Your tot’s not slow, he’s just shy: study

Sunday, February 9th, 2014. Filed under: Health & Fitness Home & Garden
If you're child's shy and less talkative than others, it doesn't necessarily mean he or she is delayed or language deficient, researchers say. ©kaarsten/Shutterstock.com

If you’re child’s shy and less talkative than others, it doesn’t necessarily mean he or she is delayed or language deficient, researchers say.
©kaarsten/Shutterstock.com

(Relaxnews) – New research has emerged that may comfort parents who fret that their toddler has delayed or deficient language skills. Because really, they could just be shy.

After evaluating 816 toddlers in Colorado, researchers from the University of Colorado and the University of Connecticut concluded that just because children were less verbally responsive, it wasn’t for lack of comprehension.

They understood what was being said and were capable of speech, but were merely reluctant to respond.

“Our findings suggest that inhibited behaviors like shyness don’t hamper language acquisition overall but instead relate specifically to how toddlers express themselves through words,” the researchers say.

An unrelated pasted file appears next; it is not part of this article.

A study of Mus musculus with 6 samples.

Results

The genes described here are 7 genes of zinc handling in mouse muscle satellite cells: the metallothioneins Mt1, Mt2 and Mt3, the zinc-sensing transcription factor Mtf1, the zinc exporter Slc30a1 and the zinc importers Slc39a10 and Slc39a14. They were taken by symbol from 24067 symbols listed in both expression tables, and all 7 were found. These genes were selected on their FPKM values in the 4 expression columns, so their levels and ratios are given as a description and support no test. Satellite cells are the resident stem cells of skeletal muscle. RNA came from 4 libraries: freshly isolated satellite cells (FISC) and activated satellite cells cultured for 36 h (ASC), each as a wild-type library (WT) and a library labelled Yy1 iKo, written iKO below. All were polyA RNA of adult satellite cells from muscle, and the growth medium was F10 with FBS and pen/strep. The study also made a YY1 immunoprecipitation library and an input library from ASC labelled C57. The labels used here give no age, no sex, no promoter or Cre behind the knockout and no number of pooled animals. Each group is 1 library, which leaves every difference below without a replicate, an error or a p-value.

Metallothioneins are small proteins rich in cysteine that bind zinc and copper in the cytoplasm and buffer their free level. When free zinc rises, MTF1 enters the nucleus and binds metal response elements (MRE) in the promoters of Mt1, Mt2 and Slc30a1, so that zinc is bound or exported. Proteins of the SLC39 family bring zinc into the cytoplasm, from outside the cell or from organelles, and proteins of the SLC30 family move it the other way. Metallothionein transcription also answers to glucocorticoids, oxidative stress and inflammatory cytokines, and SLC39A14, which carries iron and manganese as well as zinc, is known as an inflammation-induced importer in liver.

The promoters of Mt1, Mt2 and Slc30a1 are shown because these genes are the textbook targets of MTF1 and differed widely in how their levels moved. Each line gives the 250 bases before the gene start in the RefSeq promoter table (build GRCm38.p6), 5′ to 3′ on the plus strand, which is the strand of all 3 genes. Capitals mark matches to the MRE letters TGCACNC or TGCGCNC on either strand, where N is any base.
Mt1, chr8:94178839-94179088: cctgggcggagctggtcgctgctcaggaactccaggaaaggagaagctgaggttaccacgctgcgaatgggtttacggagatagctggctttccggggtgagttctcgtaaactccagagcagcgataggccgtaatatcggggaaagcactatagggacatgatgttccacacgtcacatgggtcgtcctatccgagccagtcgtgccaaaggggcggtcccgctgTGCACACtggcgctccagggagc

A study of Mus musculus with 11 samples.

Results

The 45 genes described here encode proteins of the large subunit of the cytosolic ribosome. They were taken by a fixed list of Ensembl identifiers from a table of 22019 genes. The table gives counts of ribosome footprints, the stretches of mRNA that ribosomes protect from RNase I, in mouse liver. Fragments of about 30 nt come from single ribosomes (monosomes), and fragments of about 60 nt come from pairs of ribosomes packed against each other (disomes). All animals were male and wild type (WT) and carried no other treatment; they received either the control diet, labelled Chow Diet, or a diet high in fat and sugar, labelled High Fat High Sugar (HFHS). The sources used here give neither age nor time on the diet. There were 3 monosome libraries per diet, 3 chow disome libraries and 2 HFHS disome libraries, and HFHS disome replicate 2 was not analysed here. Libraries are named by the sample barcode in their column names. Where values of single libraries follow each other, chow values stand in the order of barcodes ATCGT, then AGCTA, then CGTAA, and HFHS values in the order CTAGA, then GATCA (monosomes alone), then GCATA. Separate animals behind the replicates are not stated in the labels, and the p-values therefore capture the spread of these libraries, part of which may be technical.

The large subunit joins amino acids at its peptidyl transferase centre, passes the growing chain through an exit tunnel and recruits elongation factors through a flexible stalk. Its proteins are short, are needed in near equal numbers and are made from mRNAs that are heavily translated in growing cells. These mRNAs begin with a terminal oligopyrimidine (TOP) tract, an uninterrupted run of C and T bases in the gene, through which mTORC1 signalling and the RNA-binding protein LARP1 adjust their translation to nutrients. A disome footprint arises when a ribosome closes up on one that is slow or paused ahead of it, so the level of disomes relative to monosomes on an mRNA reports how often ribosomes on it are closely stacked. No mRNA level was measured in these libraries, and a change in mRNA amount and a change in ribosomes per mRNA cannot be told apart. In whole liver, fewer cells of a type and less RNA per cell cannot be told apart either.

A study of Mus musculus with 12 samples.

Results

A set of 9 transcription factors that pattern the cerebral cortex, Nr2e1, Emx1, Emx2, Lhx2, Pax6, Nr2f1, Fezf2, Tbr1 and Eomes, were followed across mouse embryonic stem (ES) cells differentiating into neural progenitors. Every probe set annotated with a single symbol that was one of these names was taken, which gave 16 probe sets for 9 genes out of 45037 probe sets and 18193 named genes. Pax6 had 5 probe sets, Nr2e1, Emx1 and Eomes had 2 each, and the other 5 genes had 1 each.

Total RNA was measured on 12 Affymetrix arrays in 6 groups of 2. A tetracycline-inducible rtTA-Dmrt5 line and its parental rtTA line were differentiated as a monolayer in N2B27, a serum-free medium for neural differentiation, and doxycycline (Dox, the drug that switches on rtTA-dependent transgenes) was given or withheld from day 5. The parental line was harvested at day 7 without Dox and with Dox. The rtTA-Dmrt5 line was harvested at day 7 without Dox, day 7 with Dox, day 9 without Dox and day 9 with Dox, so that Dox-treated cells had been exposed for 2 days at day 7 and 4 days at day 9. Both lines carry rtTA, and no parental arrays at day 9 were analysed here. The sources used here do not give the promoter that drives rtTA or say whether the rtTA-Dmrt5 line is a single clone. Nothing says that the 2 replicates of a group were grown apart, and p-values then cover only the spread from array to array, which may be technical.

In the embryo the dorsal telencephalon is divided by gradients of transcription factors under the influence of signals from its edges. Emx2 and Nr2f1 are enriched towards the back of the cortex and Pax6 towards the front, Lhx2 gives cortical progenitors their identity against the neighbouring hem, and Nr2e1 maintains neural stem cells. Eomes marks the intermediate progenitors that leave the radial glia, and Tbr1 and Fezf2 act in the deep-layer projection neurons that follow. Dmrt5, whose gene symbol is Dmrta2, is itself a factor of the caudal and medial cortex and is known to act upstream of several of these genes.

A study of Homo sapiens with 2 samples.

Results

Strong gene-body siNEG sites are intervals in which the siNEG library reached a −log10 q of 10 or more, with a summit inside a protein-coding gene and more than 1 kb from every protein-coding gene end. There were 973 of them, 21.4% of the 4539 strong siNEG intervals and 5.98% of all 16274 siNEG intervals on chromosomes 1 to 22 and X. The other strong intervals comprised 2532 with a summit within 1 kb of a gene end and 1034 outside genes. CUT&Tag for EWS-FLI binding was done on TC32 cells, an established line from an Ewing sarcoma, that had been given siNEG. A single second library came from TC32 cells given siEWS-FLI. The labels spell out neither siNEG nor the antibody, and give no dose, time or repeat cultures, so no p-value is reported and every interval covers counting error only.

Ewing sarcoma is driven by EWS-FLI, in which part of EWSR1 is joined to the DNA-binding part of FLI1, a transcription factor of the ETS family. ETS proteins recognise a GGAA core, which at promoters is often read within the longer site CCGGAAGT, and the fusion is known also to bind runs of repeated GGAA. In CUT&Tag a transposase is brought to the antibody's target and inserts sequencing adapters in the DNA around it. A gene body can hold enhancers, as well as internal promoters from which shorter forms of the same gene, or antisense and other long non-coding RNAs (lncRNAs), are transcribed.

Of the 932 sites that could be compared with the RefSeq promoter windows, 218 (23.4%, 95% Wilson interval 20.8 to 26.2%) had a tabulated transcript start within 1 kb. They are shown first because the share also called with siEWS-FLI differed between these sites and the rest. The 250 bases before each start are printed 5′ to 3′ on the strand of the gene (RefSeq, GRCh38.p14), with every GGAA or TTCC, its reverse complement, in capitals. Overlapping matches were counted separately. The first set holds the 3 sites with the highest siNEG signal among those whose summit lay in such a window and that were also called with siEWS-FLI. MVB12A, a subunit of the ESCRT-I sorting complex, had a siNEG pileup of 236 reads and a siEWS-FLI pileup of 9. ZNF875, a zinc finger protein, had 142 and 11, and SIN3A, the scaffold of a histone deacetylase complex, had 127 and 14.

For their study, published in Child Development, researchers asked parents of 816 children to file reports on their children’s language progress at home, at 14, 20 and 24 months.

Scientists also evaluated the children at home and during lab visits, by asking them questions and gauging their comprehension and speech skills.

The findings showed that girls showed higher levels of shyness and language skills compared to boys.

To encourage shy children, researchers suggest trying to develop self-confidence, social skills and independence. One easy way is to arrange for playdates with other toddlers.

Better yet, enrolling tots in preschool has been shown to be a highly effective way of speeding up their language skills, particularly when they’re learning with older, more developed kids.

Another study out of Ohio State University found that preschool children with poor language skills showed marked improvement when they were placed in classrooms with higher-achieving classmates.